Guide for Caregivers of People with Hearing Loss

Do you care for someone with hearing loss? Click to read more about our guide for caregivers of people with hearing loss.

Guide for Caregivers of People with Hearing Loss

Are you a caregiver for someone who you suspect has a hearing loss? If you are, it’s important to understand that a hearing loss, whether it’s being treated or not, comes with other implications. The hearing loss has to be factored into the equation for everyday situations, such as communicating with loved ones, doctor’s appointments, or watching TV / listening to the radio.

First, it’s important to know that hearing loss in seniors increases their risk of other health problems, both emotional and physical. Falling is a concern with all seniors, but even a mild hearing loss can increase a person’s risk of falling up to 3 times. Hearing loss can also have an impact on a person’s quality of life, as many people with hearing loss find themselves increasingly socially withdrawn. This can lead to feelings of isolation and potentially lead to depression.

Untreated hearing loss also has an impact on cognitive function. A John Hopkins study found that age-related cognitive decline increases by as much as 30-40% in people with untreated hearing loss. As most general practitioners do not screen for hearing loss on a routine basis, it’s often caregivers that carry the responsibility of addressing concerns around an individual’s hearing health.

It’s often the caregiver who will raise concerns about someone’s hearing during a regular check up with a general practitioner. It’s also often a family member who insists on making an appointment with a hearing care professional.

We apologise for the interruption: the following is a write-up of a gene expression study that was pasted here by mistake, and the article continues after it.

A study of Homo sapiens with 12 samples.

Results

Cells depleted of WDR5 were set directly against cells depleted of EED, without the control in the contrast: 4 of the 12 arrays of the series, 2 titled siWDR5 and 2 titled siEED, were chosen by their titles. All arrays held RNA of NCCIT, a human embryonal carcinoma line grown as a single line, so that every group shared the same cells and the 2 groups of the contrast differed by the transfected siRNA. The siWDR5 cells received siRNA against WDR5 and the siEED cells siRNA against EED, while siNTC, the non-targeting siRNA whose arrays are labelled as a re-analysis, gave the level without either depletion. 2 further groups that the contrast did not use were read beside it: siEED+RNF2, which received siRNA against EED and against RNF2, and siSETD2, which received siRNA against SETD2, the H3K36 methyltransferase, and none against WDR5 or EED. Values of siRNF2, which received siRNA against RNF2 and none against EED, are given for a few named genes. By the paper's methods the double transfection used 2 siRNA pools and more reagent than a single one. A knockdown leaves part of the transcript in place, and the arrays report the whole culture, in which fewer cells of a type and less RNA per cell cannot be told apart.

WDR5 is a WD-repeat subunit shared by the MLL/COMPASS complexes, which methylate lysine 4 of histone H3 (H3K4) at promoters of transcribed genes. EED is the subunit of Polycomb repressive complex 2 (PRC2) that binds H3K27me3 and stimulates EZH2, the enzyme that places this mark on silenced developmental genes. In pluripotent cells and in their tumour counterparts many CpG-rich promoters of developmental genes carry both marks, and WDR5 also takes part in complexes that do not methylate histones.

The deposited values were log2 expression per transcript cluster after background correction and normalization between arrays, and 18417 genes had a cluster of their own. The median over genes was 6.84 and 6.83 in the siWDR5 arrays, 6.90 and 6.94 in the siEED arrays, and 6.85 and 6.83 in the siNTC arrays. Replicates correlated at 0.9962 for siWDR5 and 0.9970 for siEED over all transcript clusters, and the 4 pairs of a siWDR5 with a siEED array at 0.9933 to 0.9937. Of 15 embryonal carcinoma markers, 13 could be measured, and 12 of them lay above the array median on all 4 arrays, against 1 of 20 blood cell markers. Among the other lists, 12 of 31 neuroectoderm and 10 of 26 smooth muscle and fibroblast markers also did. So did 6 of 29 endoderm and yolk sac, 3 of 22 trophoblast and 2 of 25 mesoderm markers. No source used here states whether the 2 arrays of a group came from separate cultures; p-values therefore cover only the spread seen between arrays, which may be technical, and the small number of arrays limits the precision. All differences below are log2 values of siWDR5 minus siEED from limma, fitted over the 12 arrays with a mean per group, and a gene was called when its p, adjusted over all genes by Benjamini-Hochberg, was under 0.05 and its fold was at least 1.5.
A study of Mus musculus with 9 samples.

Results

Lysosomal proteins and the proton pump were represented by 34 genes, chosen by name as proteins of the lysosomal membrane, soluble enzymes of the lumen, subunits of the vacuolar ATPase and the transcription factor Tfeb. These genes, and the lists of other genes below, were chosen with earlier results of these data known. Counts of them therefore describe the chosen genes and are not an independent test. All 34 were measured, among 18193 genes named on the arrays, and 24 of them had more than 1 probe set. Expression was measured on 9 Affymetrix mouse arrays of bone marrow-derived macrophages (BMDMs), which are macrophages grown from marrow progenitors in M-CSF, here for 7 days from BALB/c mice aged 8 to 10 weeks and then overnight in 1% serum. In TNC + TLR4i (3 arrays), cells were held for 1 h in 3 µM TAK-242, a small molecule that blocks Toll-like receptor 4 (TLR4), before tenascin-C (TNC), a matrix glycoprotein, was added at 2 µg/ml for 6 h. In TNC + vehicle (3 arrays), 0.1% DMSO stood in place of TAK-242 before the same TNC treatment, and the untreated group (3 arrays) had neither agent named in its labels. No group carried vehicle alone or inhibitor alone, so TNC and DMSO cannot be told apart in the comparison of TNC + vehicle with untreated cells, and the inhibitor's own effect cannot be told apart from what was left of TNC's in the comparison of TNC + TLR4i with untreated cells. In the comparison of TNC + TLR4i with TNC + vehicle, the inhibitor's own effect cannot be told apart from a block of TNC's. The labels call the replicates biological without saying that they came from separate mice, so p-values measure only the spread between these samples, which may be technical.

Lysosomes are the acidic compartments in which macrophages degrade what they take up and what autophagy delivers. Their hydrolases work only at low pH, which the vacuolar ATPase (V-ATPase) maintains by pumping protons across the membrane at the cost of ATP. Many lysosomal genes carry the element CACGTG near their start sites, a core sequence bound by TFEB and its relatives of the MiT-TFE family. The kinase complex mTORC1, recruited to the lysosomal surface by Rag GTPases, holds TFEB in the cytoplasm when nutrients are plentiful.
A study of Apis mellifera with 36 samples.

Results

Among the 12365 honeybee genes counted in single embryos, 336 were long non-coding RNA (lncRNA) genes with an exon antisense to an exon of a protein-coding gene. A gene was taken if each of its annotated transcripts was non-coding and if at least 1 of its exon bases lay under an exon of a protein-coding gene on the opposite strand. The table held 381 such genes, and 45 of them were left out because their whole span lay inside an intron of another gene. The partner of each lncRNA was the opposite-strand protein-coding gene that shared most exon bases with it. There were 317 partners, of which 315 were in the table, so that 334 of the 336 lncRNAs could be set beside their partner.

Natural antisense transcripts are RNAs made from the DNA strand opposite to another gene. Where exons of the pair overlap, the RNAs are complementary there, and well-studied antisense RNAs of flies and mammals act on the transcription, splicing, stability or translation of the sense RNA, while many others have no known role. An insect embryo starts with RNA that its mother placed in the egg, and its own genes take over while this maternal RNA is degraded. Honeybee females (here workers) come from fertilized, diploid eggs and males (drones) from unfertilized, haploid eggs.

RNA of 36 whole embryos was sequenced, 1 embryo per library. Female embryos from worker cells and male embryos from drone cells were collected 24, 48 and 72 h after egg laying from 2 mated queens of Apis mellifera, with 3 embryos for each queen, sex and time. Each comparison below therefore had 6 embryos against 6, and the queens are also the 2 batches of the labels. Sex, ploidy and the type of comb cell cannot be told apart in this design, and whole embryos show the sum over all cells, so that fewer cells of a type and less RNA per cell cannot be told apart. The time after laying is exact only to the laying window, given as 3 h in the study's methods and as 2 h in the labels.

Recognizing the Signs of Hearing Loss

We recommend making an appointment with your local hearing care professional if the person you are caring for:

  • Frequently asks you or others to repeat themselves.
  • Reports that sounds are muffled.
  • Has to set the volume on the TV far higher than they used to.
  • Appears more withdrawn.
  • Seems to have difficulty hearing if there is background noise.
  • Has difficulty distinguishing certain sounds, such as “K” and “T”.

In most cases, hearing loss is treatable. If you suspect a hearing loss, book in a hearing assessment as soon as possible.

Hearing Loss Communication Tips:

If you are caring for someone with a hearing loss, here are some communication tips to help:

  • Be patient. Hearing loss can be frustrating for both people, but it’s important to be patient.
  • Learn about the difficulties hearing loss presents. This will help you to empathize with the potential emotional and psychological difficulties.
  • See if there are any local resources in your area for people with a hearing loss and / or their caregivers.
  • Pay attention to situations that could worsen the hearing loss. These can include dangerous noise levels or in some cases, ototoxic medications.
  • When communicating, face the person you are speaking to. This helps lip reading

If the person you are caring for has to wear hearing aids, our Hearing Aid Maintenance Guide includes tips to help look after the hearing aids.

We’re Here to Help!

Still have questions? Want to have your hearing checked? At Hearing Balance & Speech Center, we are committed to all of your hearing healthcare needs. Contact us at Hearing, Balance, & Speech Center to speak with one of our hearing professionals.